In short, Billmon is worried about the commodification of blogging and the loss of grassroots passion:
Recently, however, I've watched the commercialization of this culture of dissent with growing unease. When I recently decided to take a long break from blogging, it was for a mix of personal and philosophical reasons. But the direction the blogosphere is going makes me wonder whether I'll ever go back.It figures that I would see this just moments after asking readers whether I should try to turn the past year's blogging into a book.
Even as it collectively achieves celebrity status for its anti-establishment views, blogging is already being domesticated by its success. What began as a spontaneous eruption of populist creativity is on the verge of being absorbed by the media-industrial complex it claims to despise.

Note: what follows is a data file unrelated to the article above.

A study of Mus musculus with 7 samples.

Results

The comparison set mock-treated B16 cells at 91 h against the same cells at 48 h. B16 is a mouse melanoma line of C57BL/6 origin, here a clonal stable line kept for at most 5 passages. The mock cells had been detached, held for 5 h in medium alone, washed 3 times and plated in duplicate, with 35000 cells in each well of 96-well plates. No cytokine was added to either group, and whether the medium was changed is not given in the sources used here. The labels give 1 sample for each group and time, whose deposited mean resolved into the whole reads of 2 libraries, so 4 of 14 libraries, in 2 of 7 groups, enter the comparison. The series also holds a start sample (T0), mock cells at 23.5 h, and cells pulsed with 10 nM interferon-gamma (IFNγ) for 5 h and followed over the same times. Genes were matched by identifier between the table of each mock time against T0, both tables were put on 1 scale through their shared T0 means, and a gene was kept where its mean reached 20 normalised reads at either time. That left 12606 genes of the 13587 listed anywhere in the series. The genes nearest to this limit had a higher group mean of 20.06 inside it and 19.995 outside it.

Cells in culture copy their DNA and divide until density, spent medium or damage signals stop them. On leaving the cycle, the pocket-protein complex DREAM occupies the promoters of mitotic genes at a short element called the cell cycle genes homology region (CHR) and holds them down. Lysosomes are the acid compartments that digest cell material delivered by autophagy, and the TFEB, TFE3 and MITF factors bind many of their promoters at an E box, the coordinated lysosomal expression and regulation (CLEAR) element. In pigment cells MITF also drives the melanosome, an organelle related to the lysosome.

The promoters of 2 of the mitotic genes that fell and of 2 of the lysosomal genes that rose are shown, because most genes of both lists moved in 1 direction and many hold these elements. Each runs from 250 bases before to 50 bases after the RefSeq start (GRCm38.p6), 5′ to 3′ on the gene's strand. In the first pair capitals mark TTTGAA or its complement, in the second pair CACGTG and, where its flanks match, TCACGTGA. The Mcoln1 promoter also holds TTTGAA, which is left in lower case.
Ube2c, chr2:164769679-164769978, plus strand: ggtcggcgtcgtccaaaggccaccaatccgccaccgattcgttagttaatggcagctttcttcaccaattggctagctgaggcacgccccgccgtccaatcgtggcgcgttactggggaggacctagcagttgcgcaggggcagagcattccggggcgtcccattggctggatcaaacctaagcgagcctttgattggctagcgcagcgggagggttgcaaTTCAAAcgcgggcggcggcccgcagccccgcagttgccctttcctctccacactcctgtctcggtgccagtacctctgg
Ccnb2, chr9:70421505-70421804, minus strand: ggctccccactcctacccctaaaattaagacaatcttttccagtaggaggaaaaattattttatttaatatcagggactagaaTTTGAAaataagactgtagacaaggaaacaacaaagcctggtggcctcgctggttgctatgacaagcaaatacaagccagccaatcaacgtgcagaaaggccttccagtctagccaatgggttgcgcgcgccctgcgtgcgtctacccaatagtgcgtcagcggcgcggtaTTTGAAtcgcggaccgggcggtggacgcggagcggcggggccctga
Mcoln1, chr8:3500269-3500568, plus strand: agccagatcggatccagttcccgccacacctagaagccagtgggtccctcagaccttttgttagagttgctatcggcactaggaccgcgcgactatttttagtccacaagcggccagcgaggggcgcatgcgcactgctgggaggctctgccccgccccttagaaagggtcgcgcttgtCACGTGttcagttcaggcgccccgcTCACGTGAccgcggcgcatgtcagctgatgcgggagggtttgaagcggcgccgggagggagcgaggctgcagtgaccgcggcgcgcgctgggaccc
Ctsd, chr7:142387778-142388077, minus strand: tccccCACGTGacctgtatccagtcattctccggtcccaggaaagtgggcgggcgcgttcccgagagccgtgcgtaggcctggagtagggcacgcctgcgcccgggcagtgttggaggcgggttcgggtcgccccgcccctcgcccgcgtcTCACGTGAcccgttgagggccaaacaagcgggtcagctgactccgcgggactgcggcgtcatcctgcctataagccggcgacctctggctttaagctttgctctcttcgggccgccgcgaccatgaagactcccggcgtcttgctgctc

In the process, a charmed circle of bloggers — those glib enough and ideologically safe enough to fit within the conventional media punditocracy — is gaining larger audiences and greater influence. But the passion and energy that made blogging such a potent alternative to the corporate-owned media are in danger of being lost, or driven back to the outer fringes of the Internet.
Of course, I'm an academic, so I'm used to the idea that no one reads my publications. So I blog because about 90 internet users are showing up daily to read what I write in this space. My interest in writing a new book is in finding a few additional readers and producing something lasting that can rest on my Dad's bookshelf.
Plus, I promise to try to maintain my passion and do not anticipate turning this blog into a billboard for ads.
Now, would I show up for a book tour appearance on The Daily Show? Hmmm...
Update: The New York Times also had a lengthy piece on blogging today. Skippy isn't happy about being overlooked in these pieces...but is delighted about being the 39th most influential blogger.
By the blogstreet index, this blog is #13045 (out of 141,300). Hey, Mom, I'm in the top 10%!